Tuesday, November 15, 2011

Between Seasons - Leidig Meadow

The transition period between seasons often has a pause. I used to think that autumn progressively shifted into winter, each day taking another step along the way. But sometimes there is a period when movement seems to stop, when it is neither autumn nor winter, but something on its own.

In autumn the leaves on trees turn from green to yellow and red and fall to the ground. But a few trees hold on to their lingering colors. The process seems to stop moving. It’s not Indian Summer, more of an Indian Autumn. Leidig Meadow holds an earthy brown color with tints of yellow. In the early morning the slow flowing Merced River has a skin of ice on pools along the edge that melts away in an hour. Sunlight gleams bright off granite domes and peaks as it leans south in the sky, and a medium jacket is enough to keep me warm. The blue sky is clear and deep, not yet soft with the scatter of snow crystals high in the atmosphere.

This pause can last a few days or a week. Then the transition starts again and the cold of night stretches further and further into the day with a fewer moments of warmth in the middle. The last leaves fall. The ground freezes and the warm earth colors of the plants in the meadows turn black, gray, and mauve. Snow sifts lower from the clouds and covers the valley in white, closing the last remaining trails until spring.

Tuesday, November 8, 2011

Mist Trail - Yosemite

How to Hike Without Looking

The sign at the bottom of the Mist Trail tells you it’s 1.5 miles to the top of Vernal Fall, 2.7 miles to the top of Nevada Fall, and 211 miles to Mount Whitney in Southern California on the John Muir Trail. Hikers start up the trail excited with a goal in mind, a place that they want to reach.

Some hikers go up the steep granite steps of the Mist Trail and stop at the top of Vernal Fall. Others go further up the canyon to Nevada Fall, eat lunch there, and come back down. Some continue on, taking the trail left for Half Dome, or go straight and follow the river into Little Yosemite Valley, or head to the right and pick up the Panorama Trail that leads to Glacier Point.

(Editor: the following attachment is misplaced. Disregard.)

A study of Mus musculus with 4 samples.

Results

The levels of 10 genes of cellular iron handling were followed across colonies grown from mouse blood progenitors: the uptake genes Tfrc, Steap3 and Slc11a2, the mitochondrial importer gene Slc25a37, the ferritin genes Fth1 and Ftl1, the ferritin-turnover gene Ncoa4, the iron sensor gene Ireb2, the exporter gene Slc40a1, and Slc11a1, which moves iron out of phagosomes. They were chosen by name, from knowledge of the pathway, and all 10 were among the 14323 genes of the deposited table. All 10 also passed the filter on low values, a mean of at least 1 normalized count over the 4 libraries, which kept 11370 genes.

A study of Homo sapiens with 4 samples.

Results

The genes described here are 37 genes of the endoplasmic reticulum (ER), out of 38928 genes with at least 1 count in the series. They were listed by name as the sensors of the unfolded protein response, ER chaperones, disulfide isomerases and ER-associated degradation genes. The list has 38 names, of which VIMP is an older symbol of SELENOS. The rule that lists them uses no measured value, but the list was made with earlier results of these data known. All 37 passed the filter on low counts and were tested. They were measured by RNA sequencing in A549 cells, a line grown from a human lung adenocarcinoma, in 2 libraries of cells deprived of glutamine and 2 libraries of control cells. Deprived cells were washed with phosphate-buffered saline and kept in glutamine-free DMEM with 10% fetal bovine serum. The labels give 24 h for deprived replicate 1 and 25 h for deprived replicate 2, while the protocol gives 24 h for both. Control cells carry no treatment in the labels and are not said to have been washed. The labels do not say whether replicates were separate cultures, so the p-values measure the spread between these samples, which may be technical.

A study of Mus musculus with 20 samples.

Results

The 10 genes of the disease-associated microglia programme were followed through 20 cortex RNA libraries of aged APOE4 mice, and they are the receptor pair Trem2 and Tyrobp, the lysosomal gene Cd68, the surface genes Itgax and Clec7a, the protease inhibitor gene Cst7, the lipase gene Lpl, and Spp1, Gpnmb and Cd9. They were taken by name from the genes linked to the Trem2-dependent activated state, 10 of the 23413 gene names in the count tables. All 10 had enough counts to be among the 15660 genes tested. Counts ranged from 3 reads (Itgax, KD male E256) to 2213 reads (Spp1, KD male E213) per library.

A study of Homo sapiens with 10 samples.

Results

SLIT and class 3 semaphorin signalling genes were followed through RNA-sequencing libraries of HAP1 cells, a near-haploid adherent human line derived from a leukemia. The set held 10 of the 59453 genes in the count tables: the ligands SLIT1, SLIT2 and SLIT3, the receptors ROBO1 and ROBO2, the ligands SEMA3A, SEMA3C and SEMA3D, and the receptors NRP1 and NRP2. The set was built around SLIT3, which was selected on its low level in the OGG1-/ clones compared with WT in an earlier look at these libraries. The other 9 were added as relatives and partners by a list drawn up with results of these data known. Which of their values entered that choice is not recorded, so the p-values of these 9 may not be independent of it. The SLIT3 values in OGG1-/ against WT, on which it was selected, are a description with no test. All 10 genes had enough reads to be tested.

No goals are assured in the wilderness. I may run out of energy or twist an ankle before I reach my destination. Maybe the bridge above Vernal is under repair, or a storm sweeps in over the mountains, leaving me with no option but to turn around and run. Perhaps a mother bear will be hanging out by the trail with her cubs, blocking my way.

If I focus only on reaching my destination up ahead, and on not tripping on the steep and often uneven trail below my feet in order to get to get there, I will miss everything that is going on to the sides. There are sights, sounds, and scents all around. People sometimes see a bobcat here. There’s also a spring that the settlers put stones around to create a pool. At the top of Nevada there is a small dam that keeps the river from flowing down the steps I just hiked up. Illilouette Fall is only visible along one section of the trail. Did I see everything?

When I’m hiking, I see more if I don’t look for something specific.

Tuesday, November 1, 2011

Yosemite - A Place Apart

The wilderness is amazingly still at 8,000 feet. I’m alone, having hiked up the steep switchbacks for two hours from the valley floor to Glacier Point. A forest of sugar pine trees is behind me. In front, the view stretches a hundred miles over the gray peaks and mountains of the Sierra Nevada. No one else is here, but far below I see tiny people walking around on the valley floor. Except for a few squirrels and one Steller’s jay, no other creatures are letting their presence be known.

The breeze hums lightly as it twirls the needles on the pines, and there’s a hush as the wind flows over the mountains in the distance on its way east. Now and then, when the breeze shifts just right, the distant cascades of waterfalls reach me.

Where I sit feels like home. I couldn’t live here, of course. There’s no shelter, food, or water. And yet here I feel connected to something eternal. Is it awe of the landscape that pulls me away from my ordinary preoccupations? Is it reverence for a sacred place? Or is it respect for an ancient wilderness that has existed and looked like this for thousands of years?

Whatever it is, whenever I am here, I feel the burdens of life slide off and the surge of joy and contentment return.